5th District Footprint

May 2016

May 2016 Footprint

This issue of 5th District Footprint examines the share of people living in a county’s low- and moderate-income (LMI) areas.

Population Living in LMI Areas in the Fifth District

Percentage of Population Living in Low- and Moderate-Income (LMI) Areas in 2014

SOURCE: FFIEC 2014 CENSUS DATA RELEASE; U.S. CENSUS BUREAU, 2010 TO 2014 AMERICAN COMMUNITY SURVEY, 5-YEAR ESTIMATES.

This issue of 5th District Footprint examines the share of people living in a county’s low- and moderate-income (LMI) areas. The Federal Financial Institutions Examination Council (FFIEC) annually releases data indicating whether a census tract’s income level is low, moderate, middle, upper, or not available. A low-income area is a tract whose median family income (MFI) is greater than zero but less than 50 percent of the MFI for the Metropolitan Statistical Area (MSA) in which the tract is located. A moderate-income area has the MFI threshold of greater than or equal to 50 percent but less than 80 percent of the MFI for the MSA in which the tract is located.  

If a tract is not located in a MSA, then its MFI is compared to the MFI of a state’s non-MSA areas. For example, McDowell County, West Virginia, has nine tracts with a 2015 median family income range of $27,525 to $37,600. McDowell is not located in a MSA, so the statewide non-MSA MFI ($47,100) is used to classify the income levels of the tracts. All of the tracts are classified as “moderate” because their MFIs are greater than or equal to 50 percent of the non-MSA MFI but less than 80 percent of it.

Financial institutions and regulators use the income level indicator to determine whether banking activity is taking place in targeted areas. Under the Community Reinvestment Act (CRA), federally regulated financial institutions are expected to engage in banking activity that benefits “low-, moderate-, and middle-income individuals and geographies in [a] bank’s assessment area(s) or areas outside the bank assessment area(s) provided the bank has adequately addresse[d] the community development needs of its assessment area(s).”1 For middle-income areas (tracts where MFI is greater than or equal to 80 percent but less than 120 percent of the MSA MFI), CRA activity only targets nonmetropolitan middle-income tracts that have been designated by FFIEC as distressed and/or underserved (see map legend for definitions of these terms). These areas are often seen as being in need of revitalization or stabilization funding.2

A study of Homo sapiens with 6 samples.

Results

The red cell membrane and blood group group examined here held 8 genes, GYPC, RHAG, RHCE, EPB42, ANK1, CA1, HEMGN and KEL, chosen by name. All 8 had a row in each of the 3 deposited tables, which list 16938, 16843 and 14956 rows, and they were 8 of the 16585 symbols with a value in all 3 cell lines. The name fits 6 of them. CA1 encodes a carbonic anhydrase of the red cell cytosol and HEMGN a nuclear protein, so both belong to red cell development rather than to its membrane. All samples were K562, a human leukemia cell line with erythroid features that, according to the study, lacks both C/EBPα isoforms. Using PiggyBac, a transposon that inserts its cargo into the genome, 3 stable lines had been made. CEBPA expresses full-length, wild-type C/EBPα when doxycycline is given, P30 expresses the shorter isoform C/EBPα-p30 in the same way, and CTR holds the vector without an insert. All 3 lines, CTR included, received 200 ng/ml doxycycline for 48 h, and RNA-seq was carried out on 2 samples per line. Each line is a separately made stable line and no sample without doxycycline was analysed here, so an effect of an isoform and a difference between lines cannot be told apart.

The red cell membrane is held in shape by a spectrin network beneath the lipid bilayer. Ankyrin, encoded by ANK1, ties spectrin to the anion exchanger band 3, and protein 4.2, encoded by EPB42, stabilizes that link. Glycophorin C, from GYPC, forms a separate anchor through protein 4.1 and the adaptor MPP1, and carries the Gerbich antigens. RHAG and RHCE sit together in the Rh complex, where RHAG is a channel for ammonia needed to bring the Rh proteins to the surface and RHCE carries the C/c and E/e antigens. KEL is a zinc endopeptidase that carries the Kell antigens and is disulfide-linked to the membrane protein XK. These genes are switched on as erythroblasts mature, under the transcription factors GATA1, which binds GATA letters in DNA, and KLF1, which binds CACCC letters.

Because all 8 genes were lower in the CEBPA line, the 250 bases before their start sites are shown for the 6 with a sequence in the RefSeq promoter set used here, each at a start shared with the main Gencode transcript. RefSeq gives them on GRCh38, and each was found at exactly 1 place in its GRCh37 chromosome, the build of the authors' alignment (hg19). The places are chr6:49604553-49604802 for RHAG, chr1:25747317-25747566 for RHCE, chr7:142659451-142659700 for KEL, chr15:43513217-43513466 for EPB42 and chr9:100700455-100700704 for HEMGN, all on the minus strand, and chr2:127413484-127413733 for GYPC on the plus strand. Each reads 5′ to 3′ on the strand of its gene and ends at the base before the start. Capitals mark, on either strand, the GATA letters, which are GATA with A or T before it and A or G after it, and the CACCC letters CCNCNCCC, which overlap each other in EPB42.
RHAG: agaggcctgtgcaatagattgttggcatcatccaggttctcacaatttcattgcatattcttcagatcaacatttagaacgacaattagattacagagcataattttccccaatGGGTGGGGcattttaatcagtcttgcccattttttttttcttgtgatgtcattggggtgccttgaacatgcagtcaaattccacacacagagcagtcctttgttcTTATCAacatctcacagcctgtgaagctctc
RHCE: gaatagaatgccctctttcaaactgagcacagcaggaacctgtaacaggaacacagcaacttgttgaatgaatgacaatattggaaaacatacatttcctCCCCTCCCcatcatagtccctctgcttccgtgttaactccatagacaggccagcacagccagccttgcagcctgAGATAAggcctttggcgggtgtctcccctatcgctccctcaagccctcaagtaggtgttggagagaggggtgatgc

To determine the share of the 2014 population living in LMI areas, the population from tracts designated as low- or moderate-income within a county are aggregated and divided by that county’s total population. Just over 26 percent of the population (8.1 million people) living in the Fifth District (Maryland, Virginia, West Virginia, North Carolina, South Carolina and the District of Columbia) in 2014 resided in designated LMI areas. Among Fifth District states, Maryland had the largest share of its 2014 population residing in LMI areas (32 percent) while West Virginia had the smallest share (18 percent). Roughly 56 percent of the District of Columbia’s 2014 population (356,703 people) lived in LMI areas.

In the Fifth District, the average county’s percentage of population living in LMI areas was 23 percent with a median of 18 percent. One hundred and ten counties comprised the lowest distribution category (0% – 7%). Thirty counties made up the highest distribution category (61% – 100%). In four Fifth District counties (McDowell County, West Virginia; Warren County, Virginia; Dickenson County, Virginia; and Buckingham County, Virginia), 100 percent of the population lived in LMI areas. All of these counties had 2014 populations of less than 40,000. Dickenson, Warren and McDowell counties are also tied for the largest share of moderate-income population in the Fifth District with 100 percent of their populations living in moderate-income tracts. The largest share of low-income population belonged to Allendale County, South Carolina, where 51 percent of its population (5,091 people) lived in a low-income tract and no residents lived in an upper-income tract.

 
2

For more information on nonmetropolitan middle-income tracts designated as distressed and/or underserved, see the November 2012 issue of 5th District Footprint.